Wednesday, 17 July 2019
Banking and capital markets certainly didn’t lack drama in 2016 as the industry battled a complex and volatile operating environment, while individual firms pushed forward with strategic recalibrations and strove to improve returns. There may not have been any dazzling epiphanies, but one firm resolutely continued its steady progress and made impressive strides. Citigroup is IFR’s Bank of the Year.
In a year of political shocks and whipsawing markets, one bank showed particular leadership. For remaining committed to clients through all the ups and downs, reopening markets after periods of stress and developing creative solutions, Goldman Sachs is IFR’s US Bond House of the Year.
In the space of a year, Saudi Arabia has established a debt management office, sold a jumbo syndicated loan and issued the biggest publicly syndicated sovereign bond deal in history. The Kingdom of Saudi Arabia is IFR’s Issuer and SSAR Issuer of the Year.
Despite squeezed profits and tougher conditions in European securitisation, Morgan Stanley has emerged as a leader in a slice of the market that holds significant promise for the future, making the bank IFR’s EMEA Structured Finance House of the Year.
It was the year of the re-emergence of Russian issuance, the Middle East sovereign jumbo and liability management. No bank did more to lead those themes than JP Morgan, which wins IFR’s Emerging EMEA Bond House of the Year.
Credit markets whipsawed in 2016, driven by macro events and liquidity constraints, increasing demand for full-service provision. For its dominance of credit derivatives markets, its commitment to matching client risk appetite with investment opportunities and its ability to price and warehouse risk, JP Morgan is IFR’s Credit Derivatives House of the Year.
Executing the largest IPOs, reopening markets, entering new markets, building on repeat business and picking the right windows in uncertain times – one bank did it all. For always being in the driver’s seat, Goldman Sachs is IFR’s EMEA Equity House of the Year.
Barclays started to build its US leveraged franchise in 2006 by hand-picking staff from competitors and a decade later is a powerhouse in leveraged and investment-grade financing. For cementing a leading position among US banking titans, Barclays is IFR’s Americas Loan House of the Year.
Deutsche Bank pushed issuers and investors alike with a mix of structuring nous and pricing perfection. The bank led two award-winning deals thanks to an approach to client solutions unmatched by its rivals. Along the way it also picked up a two-thirds increase in market share. Deutsche Bank is IFR’s Structured Equity House of the Year.
The IFR Americas Awards seek to recognise outstanding capital markets achievement in the US, Canada and Latin America. These Awards will be presented at a special ceremony, taking place on February 7 2017 at the Thomson Reuters Building, 3 Times Square, New York.
The IFR Asia Awards honour achievement in Asia’s capital markets. The Awards will be presented at the 2016 IFR Asia Awards Dinner, taking place on February 21 2017 at the Four Seasons Hotel in Hong Kong.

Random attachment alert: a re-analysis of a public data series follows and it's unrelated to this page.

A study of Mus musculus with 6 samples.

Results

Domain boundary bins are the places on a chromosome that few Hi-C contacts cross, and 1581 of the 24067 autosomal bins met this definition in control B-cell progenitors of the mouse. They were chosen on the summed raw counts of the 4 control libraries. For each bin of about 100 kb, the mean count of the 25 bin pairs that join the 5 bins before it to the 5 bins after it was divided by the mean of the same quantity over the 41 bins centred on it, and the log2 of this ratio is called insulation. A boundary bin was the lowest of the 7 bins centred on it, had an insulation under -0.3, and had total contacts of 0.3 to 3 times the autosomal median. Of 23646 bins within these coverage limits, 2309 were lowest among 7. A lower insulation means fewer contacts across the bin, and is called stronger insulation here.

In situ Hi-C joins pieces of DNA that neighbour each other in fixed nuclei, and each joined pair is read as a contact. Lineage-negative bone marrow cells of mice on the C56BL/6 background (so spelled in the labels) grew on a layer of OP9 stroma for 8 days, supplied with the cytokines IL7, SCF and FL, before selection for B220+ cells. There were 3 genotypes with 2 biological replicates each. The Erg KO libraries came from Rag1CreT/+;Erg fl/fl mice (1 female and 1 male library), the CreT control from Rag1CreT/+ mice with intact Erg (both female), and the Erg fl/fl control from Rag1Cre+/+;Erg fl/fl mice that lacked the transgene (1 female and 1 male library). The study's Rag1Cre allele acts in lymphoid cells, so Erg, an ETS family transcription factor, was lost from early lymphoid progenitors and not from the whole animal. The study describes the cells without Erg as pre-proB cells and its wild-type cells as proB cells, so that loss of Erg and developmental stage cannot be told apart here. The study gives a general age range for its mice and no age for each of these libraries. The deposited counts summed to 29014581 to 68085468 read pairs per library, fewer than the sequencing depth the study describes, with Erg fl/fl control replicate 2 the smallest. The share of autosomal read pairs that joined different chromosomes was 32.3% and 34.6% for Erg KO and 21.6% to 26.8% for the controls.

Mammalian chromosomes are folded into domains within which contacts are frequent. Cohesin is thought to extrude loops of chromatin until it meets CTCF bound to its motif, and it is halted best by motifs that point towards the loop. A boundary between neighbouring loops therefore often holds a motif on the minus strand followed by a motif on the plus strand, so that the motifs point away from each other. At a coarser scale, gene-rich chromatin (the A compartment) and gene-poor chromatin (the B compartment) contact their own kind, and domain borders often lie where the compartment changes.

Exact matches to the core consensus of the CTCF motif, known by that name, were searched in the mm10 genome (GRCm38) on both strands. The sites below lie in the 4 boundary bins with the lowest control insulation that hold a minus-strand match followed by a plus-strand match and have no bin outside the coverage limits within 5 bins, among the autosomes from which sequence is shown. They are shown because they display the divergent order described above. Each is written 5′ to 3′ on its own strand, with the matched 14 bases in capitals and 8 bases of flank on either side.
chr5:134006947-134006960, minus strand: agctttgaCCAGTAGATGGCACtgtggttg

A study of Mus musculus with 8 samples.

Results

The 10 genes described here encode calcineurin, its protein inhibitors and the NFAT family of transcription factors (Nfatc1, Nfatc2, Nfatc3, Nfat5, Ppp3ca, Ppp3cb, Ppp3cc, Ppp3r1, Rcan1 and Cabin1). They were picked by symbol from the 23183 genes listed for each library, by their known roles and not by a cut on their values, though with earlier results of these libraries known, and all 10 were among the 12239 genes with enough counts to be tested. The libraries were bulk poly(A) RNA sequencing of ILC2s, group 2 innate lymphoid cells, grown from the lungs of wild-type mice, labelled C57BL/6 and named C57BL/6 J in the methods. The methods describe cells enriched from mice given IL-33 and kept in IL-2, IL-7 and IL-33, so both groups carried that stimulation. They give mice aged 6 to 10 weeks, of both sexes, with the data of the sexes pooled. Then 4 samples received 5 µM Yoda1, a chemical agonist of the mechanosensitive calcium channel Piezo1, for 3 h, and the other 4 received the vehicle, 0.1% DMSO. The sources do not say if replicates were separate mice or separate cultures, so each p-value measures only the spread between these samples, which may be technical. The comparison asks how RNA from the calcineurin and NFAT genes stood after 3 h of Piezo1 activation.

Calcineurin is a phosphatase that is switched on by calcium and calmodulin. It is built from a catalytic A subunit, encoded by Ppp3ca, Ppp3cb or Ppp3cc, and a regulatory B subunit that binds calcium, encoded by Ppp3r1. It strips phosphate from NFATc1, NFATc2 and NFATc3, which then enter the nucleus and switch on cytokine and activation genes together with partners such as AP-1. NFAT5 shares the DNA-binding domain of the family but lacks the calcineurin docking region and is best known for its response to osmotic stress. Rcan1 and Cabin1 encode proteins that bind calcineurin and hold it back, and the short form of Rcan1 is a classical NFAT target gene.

Bunds were hardly a screaming buy at the beginning of 2016. Far from it: shorter-dated paper offered investors next to no yield at all; and even at the longer end, a 0.1% coupon on 30-year debt must have seemed like scant compensation for all the risks that might befall the investment during that time.
Few equity capital markets bankers will look back fondly on 2016. For most, the year was a long, uncomfortable ride that saw markets lurch from one extreme to the other – a year of political upheaval in the UK and Brazil, of a collapse in the wider commodity complex, and of ebbing confidence in China’s growth model. Along the way, deal after deal was caught out; almost every team came out the year scarred in one way or another.
China completed its takeover of the Asian capital markets in 2016 – at least in terms of numbers. Combining debt and equity in all currencies, nine of the region’s top 10 underwriters are Chinese. Where four global banks ranked among the top 10 in 2015, only HSBC – arguably the most Chinese of the global banks – managed that in 2016, ranking ninth on the Thomson Reuters league table.
Banks are under pressure to improve the consistency and transparency around their so-called corporate centres due to concerns that the units have become “black boxes” that are used to make other divisions appear better than they are.
The rise and rise of the passive fund is yet another result of the low interest rate environment. And a worrying one.
Here at Bellwether, we are more than used to moving in exalted circles, such is the high esteem in which we are held.
Global mergers and acquisitions activity fell in 2016 from the previous year’s record, but there was one pocket of extraordinary growth – the record volume of cross-border acquisitions by Chinese companies across Europe and the US.
Have you heard the one-liner about banks being badly run technology firms with a sideline in finance? It may be a poor joke but many a true word is spoken in jest.
Politicians, bank regulators, supervisors and central bankers the world over have spent close to 10 years trying to eradicate the root causes of the 2007–08 global financial crisis. Bank leaders have spent the same period trying to modify and mould the structures and profiles of their institutions to meet the requirements and obligations of what has become a veritable regulatory onslaught.